In their DJ studio, brothers teach special needs youth the art of digital music mixing

Hawaii youth with special needs can learn how to take a spin at the turntable

HONOLULU, Hawaii (HawaiiNewsNow) - Kyle Dung is a digital music genius and master mixer. Syncing songs comes second nature to him as his hands fly from turntables to knobs to buttons and back.

The 32-year-old runs a DJ studio called Wax Academy in the Mililani Town Center.

“A lot of that connection that we have with music is communal based, and it’s shared with other people. I like that aspect,” he said.

Wax Academy offers lessons to aspiring ”scratchers” and also to youth with special needs.

“The majority of our community is individuals on the autism spectrum,” Kris Dung said.

Kris is Kyle’s brother and the founder of the non-profit Never Quit Dreaming that helps youngsters who are developmentally challenged.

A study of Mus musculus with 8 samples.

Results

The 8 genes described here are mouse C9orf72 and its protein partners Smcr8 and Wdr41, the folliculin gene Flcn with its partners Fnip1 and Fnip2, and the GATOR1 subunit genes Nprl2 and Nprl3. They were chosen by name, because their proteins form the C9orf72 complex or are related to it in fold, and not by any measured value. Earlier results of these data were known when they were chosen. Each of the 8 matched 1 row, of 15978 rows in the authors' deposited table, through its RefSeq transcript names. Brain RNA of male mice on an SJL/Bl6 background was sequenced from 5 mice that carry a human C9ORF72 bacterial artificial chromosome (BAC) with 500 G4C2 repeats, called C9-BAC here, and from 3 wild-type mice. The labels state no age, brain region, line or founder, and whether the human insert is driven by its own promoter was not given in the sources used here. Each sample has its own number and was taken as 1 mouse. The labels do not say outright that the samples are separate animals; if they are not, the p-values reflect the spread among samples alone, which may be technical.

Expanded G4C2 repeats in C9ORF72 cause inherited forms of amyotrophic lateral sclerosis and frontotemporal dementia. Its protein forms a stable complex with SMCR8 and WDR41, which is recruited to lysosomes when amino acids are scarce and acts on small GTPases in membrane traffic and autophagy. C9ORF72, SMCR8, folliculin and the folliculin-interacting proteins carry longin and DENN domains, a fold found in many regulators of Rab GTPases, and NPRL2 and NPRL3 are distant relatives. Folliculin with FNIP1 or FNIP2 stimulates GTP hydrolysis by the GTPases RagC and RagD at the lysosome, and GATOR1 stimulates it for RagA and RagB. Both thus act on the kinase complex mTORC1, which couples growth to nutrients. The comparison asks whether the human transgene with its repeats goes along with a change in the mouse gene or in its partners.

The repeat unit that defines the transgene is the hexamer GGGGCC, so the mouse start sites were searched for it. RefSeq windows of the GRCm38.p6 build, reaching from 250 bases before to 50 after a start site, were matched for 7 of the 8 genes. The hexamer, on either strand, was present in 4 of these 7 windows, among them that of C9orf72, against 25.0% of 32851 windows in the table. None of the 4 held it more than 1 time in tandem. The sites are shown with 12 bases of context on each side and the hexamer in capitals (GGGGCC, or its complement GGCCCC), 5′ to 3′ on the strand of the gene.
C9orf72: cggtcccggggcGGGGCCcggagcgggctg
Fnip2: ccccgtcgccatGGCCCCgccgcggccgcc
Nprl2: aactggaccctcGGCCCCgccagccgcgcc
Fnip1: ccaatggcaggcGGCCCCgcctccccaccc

The Dung brothers found the hands-on aspect of DJing effectively reaches that audience.

“We kind of noticed scientifically it will touch three pieces of senses ― the sound, the touch, and the sight,” Kris said.

The brothers believe their studio might be the only DJ school in the nation that regularly works with children, teens and young adults with special needs. Weekend sessions fill up fast.

Hoopio Balaz is a student.

“This week, I’m re-learning more about syncing, not only that, but also more of the effects on the board,” he said.

Wax Academy offers one-on-one instruction to anyone who wants to master the art of mixing. There is a fee for lessons and a discount for the developmentally disabled.

“A lot of the aspects that I’ve been focused on is technical aspects of DJing,” Kyle said.

When Kyle entered DJ contests he won a big competition in Los Angeles. Now he shares those skills with very special students.